Non Sola Scriptura

Since I participate on some blogs run by Protestants, I run into the “point to it in Scripture or shut up” mentality now and then.  I don’t figure those blogs are the appropriate place to argue that point, though.  So here’s my simple understanding of why Catholics don’t do Sola Scriptura (Scripture alone).

Our goal is always to follow the teachings of Jesus Christ, because He is, after all, the living Word of God.  He passed His teachings down to His apostles, who passed them to their disciples, and so on.  As the Church grew, the Apostles appointed bishops to carry their authority to new cities and nations.  After a while, they started to realize He wasn’t coming back quite as soon as they originally thought, so they began to write down the story of His time on earth and some of His teachings. But as John tells us, these were only the highlights:

But there are also many other things which Jesus did; were every one of them to be written, I suppose that the world itself could not contain the books that would be written. — John 21: 25

So we don’t expect all of God’s Word to be in Scripture.  Scripture itself tells us it’s not the whole story.  So our primary source remains Apostolic Tradition: the teachings as passed from Jesus to the Apostles to their disciples and down through the episcopal line of succession to today’s bishops.  (Our bishops are far from perfect, but like them or not, they’re still our link to the Apostles.)  We also have the Scriptures, again detailing some of Jesus’s teachings, which have been compiled, translated, approved, and interpreted by that same line of authorities.  Without the Church and her dedication to preserving Christ’s teaching, the Scriptures never would have survived long enough to be translated by anyone else.

So we see the Scriptures as part of Tradition — a very special part to be sure, since the Church has declared them to be divinely inspired Truth — but still only a part, and not surpassing all the rest.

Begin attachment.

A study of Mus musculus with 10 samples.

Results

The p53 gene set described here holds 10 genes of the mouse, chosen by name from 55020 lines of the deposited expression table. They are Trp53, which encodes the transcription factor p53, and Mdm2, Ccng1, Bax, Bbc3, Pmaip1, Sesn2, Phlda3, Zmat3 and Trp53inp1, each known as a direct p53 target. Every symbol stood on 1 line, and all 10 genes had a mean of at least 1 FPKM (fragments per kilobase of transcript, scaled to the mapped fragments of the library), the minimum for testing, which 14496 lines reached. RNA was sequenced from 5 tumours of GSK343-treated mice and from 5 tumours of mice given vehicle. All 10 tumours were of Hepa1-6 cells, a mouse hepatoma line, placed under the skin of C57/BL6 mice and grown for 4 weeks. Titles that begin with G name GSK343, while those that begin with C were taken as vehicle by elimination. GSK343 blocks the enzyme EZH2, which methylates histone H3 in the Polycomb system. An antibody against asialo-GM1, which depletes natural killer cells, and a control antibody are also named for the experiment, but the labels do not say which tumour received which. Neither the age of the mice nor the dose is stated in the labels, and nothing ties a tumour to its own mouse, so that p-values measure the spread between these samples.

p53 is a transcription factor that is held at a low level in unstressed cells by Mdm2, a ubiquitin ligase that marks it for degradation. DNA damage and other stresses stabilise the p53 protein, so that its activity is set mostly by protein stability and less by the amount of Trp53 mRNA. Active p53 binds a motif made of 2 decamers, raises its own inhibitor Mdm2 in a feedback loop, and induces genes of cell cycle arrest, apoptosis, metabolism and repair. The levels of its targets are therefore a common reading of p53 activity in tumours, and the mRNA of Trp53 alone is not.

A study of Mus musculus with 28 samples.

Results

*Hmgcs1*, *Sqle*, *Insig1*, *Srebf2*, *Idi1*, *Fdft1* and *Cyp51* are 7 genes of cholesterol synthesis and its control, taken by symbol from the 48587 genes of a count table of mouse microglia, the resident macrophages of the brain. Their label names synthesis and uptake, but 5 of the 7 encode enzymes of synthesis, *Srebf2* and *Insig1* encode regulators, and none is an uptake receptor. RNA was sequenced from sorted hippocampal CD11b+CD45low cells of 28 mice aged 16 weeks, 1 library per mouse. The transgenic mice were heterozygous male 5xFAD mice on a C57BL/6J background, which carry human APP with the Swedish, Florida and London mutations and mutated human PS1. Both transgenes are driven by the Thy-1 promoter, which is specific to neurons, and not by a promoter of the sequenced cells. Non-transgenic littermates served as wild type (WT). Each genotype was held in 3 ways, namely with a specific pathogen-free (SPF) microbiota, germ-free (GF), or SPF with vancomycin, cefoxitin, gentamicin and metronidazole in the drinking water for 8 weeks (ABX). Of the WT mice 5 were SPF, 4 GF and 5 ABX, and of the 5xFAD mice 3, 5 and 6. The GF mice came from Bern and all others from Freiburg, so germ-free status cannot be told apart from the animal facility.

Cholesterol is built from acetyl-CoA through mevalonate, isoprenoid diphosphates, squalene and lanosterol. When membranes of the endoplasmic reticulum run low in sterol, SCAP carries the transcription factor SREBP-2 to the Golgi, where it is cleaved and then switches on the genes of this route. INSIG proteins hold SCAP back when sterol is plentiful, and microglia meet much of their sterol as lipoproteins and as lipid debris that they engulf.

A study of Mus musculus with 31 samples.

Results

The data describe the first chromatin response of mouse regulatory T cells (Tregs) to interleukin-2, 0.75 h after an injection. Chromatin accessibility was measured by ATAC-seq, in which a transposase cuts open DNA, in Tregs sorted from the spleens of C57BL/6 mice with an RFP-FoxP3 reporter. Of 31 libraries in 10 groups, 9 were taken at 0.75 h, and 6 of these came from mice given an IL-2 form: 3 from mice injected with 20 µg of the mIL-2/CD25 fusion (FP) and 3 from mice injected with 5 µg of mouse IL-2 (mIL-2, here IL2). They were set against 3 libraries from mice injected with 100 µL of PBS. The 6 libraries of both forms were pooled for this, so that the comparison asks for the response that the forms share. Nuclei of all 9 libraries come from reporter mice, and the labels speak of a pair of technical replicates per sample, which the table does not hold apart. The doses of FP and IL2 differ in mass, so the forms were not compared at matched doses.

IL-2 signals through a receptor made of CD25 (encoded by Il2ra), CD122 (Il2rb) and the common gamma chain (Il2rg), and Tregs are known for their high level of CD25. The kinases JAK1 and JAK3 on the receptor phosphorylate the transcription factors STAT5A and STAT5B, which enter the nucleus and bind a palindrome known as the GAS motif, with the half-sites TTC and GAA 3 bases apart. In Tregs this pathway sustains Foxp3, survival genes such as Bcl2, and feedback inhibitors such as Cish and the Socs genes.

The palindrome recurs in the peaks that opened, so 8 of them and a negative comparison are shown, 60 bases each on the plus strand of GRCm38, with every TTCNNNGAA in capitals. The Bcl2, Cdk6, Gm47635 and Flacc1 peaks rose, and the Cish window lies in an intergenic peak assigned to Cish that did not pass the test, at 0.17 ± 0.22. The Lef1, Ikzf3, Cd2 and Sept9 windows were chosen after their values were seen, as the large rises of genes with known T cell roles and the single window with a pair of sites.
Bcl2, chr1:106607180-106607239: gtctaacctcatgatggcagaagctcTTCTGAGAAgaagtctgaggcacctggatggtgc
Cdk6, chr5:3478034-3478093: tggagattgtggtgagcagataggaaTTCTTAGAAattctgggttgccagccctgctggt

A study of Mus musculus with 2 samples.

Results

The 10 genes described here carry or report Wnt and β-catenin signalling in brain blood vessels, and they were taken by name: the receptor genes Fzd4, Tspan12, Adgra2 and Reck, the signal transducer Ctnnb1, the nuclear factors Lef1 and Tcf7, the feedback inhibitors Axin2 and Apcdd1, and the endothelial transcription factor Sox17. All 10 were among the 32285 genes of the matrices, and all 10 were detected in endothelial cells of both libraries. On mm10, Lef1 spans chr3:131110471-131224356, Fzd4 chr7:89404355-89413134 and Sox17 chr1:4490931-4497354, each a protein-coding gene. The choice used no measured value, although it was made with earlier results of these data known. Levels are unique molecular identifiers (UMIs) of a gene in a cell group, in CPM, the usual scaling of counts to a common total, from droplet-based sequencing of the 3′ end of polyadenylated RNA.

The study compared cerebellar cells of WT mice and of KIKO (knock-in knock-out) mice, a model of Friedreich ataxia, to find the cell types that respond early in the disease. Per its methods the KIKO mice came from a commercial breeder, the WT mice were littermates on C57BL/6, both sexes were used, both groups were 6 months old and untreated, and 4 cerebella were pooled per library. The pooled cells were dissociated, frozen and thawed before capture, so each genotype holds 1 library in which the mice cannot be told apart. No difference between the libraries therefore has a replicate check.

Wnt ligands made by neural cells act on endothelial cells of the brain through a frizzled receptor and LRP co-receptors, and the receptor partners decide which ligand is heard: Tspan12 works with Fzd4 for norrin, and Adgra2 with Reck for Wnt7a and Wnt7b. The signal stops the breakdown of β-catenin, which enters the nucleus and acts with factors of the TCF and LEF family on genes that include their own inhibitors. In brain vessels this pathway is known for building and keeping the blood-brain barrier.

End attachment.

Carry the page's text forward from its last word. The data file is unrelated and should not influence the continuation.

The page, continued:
Another part of this is the issue of interpretation.  Look how many different meanings people can get out of the US Constitution, a much shorter document written in English only a bit over two centuries ago.  Extrapolate that to a collection of documents written in Greek and Hebrew 2000+ years ago and translated into the vernacular, generally not from the original sources, and written in the context of a society very different from ours.  Unless I’m a biblical scholar, what are the chances that I, studying at home alone, will always find the correct interpretation?  Yes, I can expect guidance from the Holy Ghost, but I can’t assume that that guidance will always overcome my own ignorance and biases.

So we look to the Church — again to the authority of the bishops passed down from Jesus through the Apostles — to tell us what the Scriptures mean.  That doesn’t mean we shouldn’t read Scripture and have study groups and try to gain a deeper understanding of our own.  We absolutely should.  But we need a guide along the path to understanding, and we need some reason to trust that guide.  I trust my guide — my parish priest, or the study bible I use that has the Imprimatur — because it speaks with the authority of the Church Christ founded.

Edit: Novaseeker had a similar inspiration to write on the same topic.  Check it out; he goes over the history of Sola Scriptura and covers the problems with it more thoroughly than I did.  He uses cool big words like hermeneutics, too.


One thought on “Non Sola Scriptura

  1. Nice nod here to the Apostolic Fathers, Cail. If I must necessarily choose a human lenses to see the written Word through, I’d much rather choose those that had rubbed shoulders with the Apostles and the generations immediately after them than any modern theologian including those making great contributions like N.T. Wright.